My grandmother, Mama Dear, loved ice cream. She ate it everyday of her life, at least for the part of her life that I knew. When she lived with my family in her later years, it was a nightly ritual for me to dish up her bowl of ice cream. My Uncle Reiss tells me she made it almost every Sunday during New Orleans’ steamy summertime, and all of her neighbors would come over- when they heard the ice cream freezer churning away- to sample her ice cream. Peach was her favorite.
When I returned home, a couple of weeks ago, with an abundance of juicy, ripe peaches from my tour of Masumoto Farms, one of my first instincts was to make ice cream. So I called three of Mama Dear’s great grandsons (who never had the pleasures of meeting her face to face) and invited them over for a stroll through old family pictures, served up with a batch of freshly churned peach ice cream. Continue for recipe...
Peach Ice Cream
You’ll need sweet tree ripened peaches for this recipe. I used Elbertas picked at Masumoto Farms' adopt a peach picking day. Thanks to Melissa's Produce for inviting me to tour the farm and pick their peaches. You can read about my tour of three Central California farms here.
For the peaches:
- 1 pound peaches, peeled and cut into small pieces
- 2 ounces sugar
- 1 ounce Amaretto
For the custard:
- 1 quart half and half
- 7 egg yolks
- 4-5 ounces of sugar*
- 1/2 teaspoon each vanilla and almond extract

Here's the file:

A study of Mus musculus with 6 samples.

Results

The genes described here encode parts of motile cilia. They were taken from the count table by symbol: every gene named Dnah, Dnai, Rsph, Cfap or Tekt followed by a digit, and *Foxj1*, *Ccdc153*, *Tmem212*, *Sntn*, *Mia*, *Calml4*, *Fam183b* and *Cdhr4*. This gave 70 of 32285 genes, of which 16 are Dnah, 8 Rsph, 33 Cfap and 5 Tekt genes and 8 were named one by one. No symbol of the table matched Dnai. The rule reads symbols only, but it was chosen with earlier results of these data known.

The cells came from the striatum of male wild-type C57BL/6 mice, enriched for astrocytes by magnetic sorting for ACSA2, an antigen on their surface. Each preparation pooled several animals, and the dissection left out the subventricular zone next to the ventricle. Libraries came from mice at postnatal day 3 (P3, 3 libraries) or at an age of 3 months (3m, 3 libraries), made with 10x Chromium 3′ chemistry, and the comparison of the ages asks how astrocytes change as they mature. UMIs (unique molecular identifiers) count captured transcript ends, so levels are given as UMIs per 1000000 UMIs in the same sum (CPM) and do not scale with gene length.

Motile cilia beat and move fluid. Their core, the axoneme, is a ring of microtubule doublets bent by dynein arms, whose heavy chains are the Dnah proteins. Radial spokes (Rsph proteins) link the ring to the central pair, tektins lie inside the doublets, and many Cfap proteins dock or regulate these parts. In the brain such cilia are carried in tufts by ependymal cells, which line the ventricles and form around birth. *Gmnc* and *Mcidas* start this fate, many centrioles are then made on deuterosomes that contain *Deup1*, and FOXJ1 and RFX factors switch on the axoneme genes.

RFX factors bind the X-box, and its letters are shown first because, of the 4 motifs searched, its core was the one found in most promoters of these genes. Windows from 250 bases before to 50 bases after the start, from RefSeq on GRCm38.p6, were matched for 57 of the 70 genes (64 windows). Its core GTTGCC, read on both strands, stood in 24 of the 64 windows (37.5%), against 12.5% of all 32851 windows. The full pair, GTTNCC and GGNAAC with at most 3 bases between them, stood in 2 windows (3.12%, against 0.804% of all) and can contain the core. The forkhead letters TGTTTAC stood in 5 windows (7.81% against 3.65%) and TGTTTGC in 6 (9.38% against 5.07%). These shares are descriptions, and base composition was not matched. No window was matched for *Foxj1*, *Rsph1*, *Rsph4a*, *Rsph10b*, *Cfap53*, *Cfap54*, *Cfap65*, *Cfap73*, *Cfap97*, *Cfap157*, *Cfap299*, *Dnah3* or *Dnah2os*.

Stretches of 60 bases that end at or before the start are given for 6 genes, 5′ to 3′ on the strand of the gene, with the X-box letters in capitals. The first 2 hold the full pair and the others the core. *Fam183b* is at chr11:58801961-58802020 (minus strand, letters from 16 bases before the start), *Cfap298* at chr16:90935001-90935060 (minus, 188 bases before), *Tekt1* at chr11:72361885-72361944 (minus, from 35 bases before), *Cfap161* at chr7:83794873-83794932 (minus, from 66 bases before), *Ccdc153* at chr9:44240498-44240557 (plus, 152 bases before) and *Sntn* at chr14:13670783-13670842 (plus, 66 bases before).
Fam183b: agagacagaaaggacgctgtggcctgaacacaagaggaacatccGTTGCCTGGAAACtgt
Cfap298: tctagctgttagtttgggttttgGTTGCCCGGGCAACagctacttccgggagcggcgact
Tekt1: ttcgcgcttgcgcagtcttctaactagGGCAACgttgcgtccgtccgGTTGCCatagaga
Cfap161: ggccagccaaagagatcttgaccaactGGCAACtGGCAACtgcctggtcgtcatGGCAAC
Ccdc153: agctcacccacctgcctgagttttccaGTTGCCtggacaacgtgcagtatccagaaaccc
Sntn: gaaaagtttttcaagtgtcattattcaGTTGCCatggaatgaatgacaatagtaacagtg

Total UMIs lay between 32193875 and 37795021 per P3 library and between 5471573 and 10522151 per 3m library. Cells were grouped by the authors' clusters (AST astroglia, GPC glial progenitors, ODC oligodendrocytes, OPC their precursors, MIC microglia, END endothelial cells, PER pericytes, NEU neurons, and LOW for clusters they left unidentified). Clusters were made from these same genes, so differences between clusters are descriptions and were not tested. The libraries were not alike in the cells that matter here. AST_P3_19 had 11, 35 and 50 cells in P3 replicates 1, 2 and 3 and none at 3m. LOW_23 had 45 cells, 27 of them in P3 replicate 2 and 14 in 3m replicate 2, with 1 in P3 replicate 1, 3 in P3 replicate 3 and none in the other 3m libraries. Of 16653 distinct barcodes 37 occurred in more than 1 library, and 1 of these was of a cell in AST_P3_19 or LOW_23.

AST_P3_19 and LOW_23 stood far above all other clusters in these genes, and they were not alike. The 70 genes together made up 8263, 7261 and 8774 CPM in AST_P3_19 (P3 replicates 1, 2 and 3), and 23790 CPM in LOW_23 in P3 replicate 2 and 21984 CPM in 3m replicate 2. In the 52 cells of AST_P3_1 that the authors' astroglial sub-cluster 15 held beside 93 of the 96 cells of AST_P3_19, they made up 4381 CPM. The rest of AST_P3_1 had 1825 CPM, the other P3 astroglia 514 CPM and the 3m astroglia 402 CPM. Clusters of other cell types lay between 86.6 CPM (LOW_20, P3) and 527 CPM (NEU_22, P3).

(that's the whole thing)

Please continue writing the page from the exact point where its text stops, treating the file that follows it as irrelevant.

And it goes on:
- Macerate the peaches, 2 ounces of sugar and Amaretto in the refrigerator overnight.
- Whip the yolks and sugar together to ribbon stage (i.e. until they are a pale lemony yellow and thick, and they form a ribbon like pattern when the beater is lifted and the eggs fall back over the mixture).
- Scald the half and half and gradually stir in the egg/sugar mixture. Set the mixture over a bowl of simmering water and stir constantly with a wooden spoon or whisk until the mixture thickens to the stage where it coats the back of the spoon. Be careful not to let the mixture get so hot that the eggs cook. Remove the custard from the heat. Allow it to cool completely, then refrigerate it overnight.
- After chilling overnight, drain the peaches of any excess liquid (you can save it to add to a glass of Peach Sangria, if you like). Mix together the peaches and the custard. Place in the chilled container of an ice cream freezer, and freeze according to the machine’s directions.
*I used the smaller amount of sugar. It allowed the taste of the cream and peaches to shine, and was great with the bit of caramel sauce that I enjoyed mine with, but I’m guessing most would probably prefer the ice cream a bit sweeter.
Also, like most home made ice creams without pectins or food gums, it's best eaten fairly soon after freezing.